As part of our topic of the month for September here at Physiopedia, I had the opportunity to let my mind wander on the mental health of elite athletes. In this mind-wandering phase I also got to see first hand how even youngsters have to face mental challenges in their sport.
My 11 year old son loves sport, he loves playing it, he loves watching it and he loves talking about it. The last couple of weeks was a bit of a rollercoaster as our summer sport season is starting here in South Africa. With the start of the season for cricket and tennis, he was fortunate enough to be invited to participate in some zonal trials for both sports and he spent quite a few hours either on the tennis court or in the cricket nets.
A couple of months ago, he took part in a tennis tournament, where he unfortunately injured himself, to the extent where he had to withdraw from the rest of the tournament halfway through his third match of the day. By the time we got home, he was really upset, not about being injured, but about not being able to complete the match and then also the tournament. As he hobbled up the stairs, I realised that this young man already has certain performance expectations of himself…
Fast forward a few weeks ahead, and we are on our way to the tennis trials. Coincidentally, he was playing the trials at the same place where the tournament that he injured himself in was held. So…on our way there, he explains to me that he decided to wear exactly the same clothes, socks, etc as he did when he got injured, because he read somewhere that this is a way to face your fears and that the sooner you do it, the easier it will be to go on…And it dawned upon me, that this little chap might be a little fearful… Fearful of getting injured again (although he had his physiotherapy and religiously did his rehabilitation exercises, and never mind the fact that he has had quite a few intense training sessions already with no sign of pain or weakness). But more than that, I realised he was fearful of not matching up to his performance expectations of himself and possibly his coach and even peers.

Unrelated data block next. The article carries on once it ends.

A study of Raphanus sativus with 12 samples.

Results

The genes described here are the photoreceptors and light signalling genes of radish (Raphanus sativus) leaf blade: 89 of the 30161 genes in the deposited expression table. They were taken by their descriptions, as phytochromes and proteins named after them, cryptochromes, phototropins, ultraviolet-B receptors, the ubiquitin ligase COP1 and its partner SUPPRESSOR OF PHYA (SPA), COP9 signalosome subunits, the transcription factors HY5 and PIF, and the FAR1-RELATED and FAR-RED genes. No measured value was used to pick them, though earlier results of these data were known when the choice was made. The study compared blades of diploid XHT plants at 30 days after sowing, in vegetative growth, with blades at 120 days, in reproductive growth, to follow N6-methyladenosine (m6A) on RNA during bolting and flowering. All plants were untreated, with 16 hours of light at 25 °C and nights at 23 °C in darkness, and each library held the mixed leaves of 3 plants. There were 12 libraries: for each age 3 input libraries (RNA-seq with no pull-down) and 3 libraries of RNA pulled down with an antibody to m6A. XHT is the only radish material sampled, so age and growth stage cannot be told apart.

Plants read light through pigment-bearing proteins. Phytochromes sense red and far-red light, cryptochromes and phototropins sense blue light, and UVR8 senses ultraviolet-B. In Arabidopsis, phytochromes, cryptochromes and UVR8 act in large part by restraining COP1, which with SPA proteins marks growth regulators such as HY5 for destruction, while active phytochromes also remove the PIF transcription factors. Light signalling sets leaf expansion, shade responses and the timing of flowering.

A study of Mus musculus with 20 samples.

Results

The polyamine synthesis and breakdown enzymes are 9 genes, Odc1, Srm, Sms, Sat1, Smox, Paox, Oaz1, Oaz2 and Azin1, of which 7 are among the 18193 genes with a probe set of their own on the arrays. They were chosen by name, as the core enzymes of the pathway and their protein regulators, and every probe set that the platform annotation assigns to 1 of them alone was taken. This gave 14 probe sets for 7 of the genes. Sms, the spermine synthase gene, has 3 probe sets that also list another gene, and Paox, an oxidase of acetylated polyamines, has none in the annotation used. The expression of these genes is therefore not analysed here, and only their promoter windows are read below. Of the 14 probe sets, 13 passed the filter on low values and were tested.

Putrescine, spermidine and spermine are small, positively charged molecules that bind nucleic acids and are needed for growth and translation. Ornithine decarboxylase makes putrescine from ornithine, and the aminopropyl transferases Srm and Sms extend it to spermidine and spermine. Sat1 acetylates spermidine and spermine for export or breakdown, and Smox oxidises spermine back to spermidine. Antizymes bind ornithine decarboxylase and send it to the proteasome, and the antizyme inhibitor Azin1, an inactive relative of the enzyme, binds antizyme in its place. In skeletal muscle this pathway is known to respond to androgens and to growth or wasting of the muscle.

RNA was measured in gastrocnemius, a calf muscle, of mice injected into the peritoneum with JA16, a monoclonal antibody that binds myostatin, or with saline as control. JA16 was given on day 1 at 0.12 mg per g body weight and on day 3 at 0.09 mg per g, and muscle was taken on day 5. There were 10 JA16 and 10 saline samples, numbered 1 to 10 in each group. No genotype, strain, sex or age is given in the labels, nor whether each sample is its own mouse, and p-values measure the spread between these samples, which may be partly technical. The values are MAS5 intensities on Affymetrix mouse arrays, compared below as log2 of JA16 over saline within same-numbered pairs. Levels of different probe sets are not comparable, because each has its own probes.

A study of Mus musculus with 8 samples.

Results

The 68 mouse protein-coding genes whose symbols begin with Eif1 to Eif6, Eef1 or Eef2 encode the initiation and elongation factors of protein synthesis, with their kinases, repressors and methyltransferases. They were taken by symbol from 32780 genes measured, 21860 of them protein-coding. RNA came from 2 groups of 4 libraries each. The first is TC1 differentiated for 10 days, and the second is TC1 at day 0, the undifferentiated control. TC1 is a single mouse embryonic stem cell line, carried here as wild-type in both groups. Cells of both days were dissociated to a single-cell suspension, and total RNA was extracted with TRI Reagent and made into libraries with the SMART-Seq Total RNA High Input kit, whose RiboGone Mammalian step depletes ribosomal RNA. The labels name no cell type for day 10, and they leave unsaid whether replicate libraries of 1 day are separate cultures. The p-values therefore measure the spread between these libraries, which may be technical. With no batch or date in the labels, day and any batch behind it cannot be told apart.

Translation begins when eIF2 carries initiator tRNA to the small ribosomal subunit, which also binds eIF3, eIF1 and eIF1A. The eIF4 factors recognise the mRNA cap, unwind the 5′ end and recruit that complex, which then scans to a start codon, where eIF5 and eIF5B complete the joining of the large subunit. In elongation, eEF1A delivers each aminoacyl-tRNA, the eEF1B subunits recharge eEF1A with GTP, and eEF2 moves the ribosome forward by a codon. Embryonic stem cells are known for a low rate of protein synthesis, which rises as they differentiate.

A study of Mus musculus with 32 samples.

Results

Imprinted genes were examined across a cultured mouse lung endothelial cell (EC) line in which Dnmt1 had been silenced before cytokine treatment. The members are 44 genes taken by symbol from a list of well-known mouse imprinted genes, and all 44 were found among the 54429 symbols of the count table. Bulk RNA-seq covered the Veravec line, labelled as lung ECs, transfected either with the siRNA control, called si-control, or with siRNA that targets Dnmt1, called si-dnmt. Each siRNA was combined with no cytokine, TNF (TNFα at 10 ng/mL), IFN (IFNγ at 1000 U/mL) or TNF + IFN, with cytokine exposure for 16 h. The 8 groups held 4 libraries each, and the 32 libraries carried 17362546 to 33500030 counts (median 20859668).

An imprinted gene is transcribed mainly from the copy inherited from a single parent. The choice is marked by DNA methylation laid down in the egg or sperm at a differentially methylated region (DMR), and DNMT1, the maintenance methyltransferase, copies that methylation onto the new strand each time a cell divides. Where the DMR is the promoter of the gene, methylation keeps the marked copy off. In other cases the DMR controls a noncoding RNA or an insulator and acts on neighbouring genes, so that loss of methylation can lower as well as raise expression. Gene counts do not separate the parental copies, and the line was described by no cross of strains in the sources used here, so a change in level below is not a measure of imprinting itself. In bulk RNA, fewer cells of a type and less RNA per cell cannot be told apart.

So if these are fears or expectations of an 11 year old athlete, what mental challenges do our heroes of sport have to endure? Our olympic and international athletes whose sporting abilities blow our minds and leave us astounded. In my mind-wandering phase I came across the FEPSAC position statement on Mental Health disorders in elite athletes and models of service provision.
This statement highlights the unique range of stressors that elite athletes have to endure in the world of top sports. Stressors such as competitive factors (e.g. performance expectations), organisational stressors (e.g, travel, long periods of time away from home) and personal stressors (e.g. family issues). It also provides the reader with a short overview of recent research investigating mental health disorders in elite athletes. Some of these studies concluded that the prevalence of mental disorders in their studies were comparable with the general population in their respective countries. Studies highlighted various mental health disorders or symptoms thereof seen in elite athletes, such as depression, generalised anxiety disorder and eating disorders. Furthermore, these studies indicate that elite sport-specific factors such as injury, excessive overtraining in combination with inadequate recovery, and career termination, may increase vulnerability to certain mental disorders.
Another additional challenge staring our sporting giants in the face is help seeking. Sport’s culture of masculine ideals, valuing strength and mental toughness and encouraging athletes to show no signs of weakness makes it extremely difficult for athletes to ask for help. Given the fact that athletes find help seeking difficult, some sport organisations have started to structure various models of service provision to prevent, discover, diagnose and treat mental health disorders in elite athletes. The position statement highlights certain models of service provision for elite athletes with mental health disorders in European countries.
Last, but not least, the authors give recommendations for practice and research settings. Education of athletes, coaches, support staff, administrators and friends and families is paramount to destigmatise mental health disorders in this specific population. A well defined sport specific approach is necessary in research as well as in treatment protocols and there should be clear pathways provided by institutions and stakeholders. In the United Kingdom, an action plan has been developed to help elite athletes. Austria has also embraced the Strong Minds Programme and has started to implement that among their elite athletes and various sporting bodies.
In conclusion, elite athletes are vulnerable to mental health disorders as a result of the various specific stressors they experience in their sporting environment. Key factors are the impact of injury, overtraining, social media scrutiny and ongoing competitive pressure to perform. Athletes and their support staff need to be educated about mental health disorders and be able to seek help without fear!